Sunday, July 19, 2020

Sunday Smith #62: Number 1, Third Issue

As the 1860s drew to a close, America was at the gateway to a new era. The nation had survived a terrible civil war, westward expansion was back in full swing, and the Long Depression was still years in the future.

For Smith & Wesson, however, a crisis loomed on the horizon, one which they had fortunately planned to meet. The Rollins-White patents for a bored-through cylinder were set to expire in 1869, and exactly as S&W had champed at the bit with a revolver design when Colt's wheelgun patents had expired, Colt was now preparing to fight Smith on their home turf of breechloading revolvers.

Smith & Wesson's main response was to issue a new line of top-break revolvers with automatic ejection in new centerfire calibers, but centerfire technology wouldn't work with their classic .22 cartridge, and little .22s were the guns on which Smith was built.

So Smith & Wesson revamped their tip-up Number 1 model to sell alongside their centerfire top-breaks.

Mechanically largely identical to its antebellum predecessors, the gun featured stylistic nods to the aesthetic of the new era: The cylinder was fluted and the profile of the grips was in the trendy "bird's head" pattern that echoed the top-break single actions farther up the price scale in the S&W catalog.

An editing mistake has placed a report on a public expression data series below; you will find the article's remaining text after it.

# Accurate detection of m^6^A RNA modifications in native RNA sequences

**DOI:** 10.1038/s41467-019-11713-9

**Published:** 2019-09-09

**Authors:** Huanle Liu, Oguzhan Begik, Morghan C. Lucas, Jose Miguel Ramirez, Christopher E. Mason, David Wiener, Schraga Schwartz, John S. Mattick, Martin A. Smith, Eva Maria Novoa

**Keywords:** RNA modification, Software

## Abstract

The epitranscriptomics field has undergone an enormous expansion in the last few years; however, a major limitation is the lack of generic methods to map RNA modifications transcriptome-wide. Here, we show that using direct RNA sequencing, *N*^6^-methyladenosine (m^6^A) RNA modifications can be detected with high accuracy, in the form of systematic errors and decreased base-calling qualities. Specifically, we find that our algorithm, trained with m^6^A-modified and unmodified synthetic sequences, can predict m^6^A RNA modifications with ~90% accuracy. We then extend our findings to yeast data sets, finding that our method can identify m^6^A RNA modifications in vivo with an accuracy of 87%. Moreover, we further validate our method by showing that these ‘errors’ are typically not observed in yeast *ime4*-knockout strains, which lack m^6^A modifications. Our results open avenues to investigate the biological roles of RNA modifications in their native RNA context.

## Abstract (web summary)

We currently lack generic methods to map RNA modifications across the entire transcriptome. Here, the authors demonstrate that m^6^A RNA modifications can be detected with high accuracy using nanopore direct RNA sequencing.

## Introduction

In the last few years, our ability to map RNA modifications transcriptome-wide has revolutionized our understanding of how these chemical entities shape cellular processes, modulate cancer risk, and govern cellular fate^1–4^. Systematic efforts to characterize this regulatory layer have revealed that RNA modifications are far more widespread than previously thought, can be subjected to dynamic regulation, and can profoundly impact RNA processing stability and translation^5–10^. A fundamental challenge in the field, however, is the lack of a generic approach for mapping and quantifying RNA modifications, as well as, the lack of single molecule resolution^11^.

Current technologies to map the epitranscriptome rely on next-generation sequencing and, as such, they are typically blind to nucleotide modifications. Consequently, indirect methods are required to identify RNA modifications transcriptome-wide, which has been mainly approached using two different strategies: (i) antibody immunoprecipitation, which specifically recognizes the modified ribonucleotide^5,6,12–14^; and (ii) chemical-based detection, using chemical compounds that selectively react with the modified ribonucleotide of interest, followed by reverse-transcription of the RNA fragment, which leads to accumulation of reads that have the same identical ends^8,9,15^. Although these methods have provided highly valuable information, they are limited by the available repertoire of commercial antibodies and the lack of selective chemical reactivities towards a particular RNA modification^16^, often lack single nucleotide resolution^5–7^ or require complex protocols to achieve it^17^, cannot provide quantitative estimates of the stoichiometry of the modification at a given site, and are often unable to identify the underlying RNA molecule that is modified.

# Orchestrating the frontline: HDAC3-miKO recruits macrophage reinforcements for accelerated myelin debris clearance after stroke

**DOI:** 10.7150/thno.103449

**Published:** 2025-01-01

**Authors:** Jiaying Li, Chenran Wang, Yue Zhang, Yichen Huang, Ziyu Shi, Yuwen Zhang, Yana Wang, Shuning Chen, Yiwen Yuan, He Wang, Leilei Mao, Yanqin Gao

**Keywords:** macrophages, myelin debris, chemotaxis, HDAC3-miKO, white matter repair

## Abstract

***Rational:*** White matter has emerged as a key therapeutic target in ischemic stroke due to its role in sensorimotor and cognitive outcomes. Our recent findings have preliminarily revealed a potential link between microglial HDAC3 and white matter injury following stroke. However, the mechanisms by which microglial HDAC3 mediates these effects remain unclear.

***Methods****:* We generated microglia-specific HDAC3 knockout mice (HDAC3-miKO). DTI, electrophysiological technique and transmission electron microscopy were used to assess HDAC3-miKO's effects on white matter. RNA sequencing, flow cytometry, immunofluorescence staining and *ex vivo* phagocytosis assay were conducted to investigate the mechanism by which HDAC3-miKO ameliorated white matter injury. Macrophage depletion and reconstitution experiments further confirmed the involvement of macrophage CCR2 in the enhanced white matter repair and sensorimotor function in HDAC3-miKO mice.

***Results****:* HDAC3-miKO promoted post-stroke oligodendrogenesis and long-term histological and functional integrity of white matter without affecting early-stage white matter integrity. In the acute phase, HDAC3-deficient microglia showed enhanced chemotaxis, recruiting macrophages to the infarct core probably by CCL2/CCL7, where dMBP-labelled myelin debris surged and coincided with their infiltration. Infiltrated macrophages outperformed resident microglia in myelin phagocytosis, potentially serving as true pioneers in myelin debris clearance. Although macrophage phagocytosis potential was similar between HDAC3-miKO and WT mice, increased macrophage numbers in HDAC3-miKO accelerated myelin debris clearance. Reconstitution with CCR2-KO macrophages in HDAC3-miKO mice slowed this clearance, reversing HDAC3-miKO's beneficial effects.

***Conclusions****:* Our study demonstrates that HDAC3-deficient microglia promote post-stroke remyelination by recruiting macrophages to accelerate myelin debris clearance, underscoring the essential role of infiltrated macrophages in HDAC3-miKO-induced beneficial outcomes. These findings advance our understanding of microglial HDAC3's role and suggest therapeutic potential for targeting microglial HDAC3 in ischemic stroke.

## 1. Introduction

Sales were initially slow, but after a couple years S&W was turning out 20,000 revolvers a year of this particular model. Overseas sales helped popularize the brand, but when the defense of the Rollins-White patent finally collapsed in 1872, the writing was on the wall. A little over 130k had been made when production ceased in 1882.

The pictured revolver, with a nickel finish and rosewood grips, is a late production example, probably produced in the mid- to late-1870s.


John T. Block said...

Tam....commenting on your "latest panic" post at the other page, I'm constantly annoyed at CDNN, when they will sell barrels, and uppers, but barreled uppers seem verboten to we denizens of the People's Dem. Rep. of Md.... puzzling.
Anywho, didnt S&W make top-break 8-shot .22s, at some point? Or am I thinking Iver Johnson?

Tam said...

S&W never made a production factory top-break .22LR to my knowledge.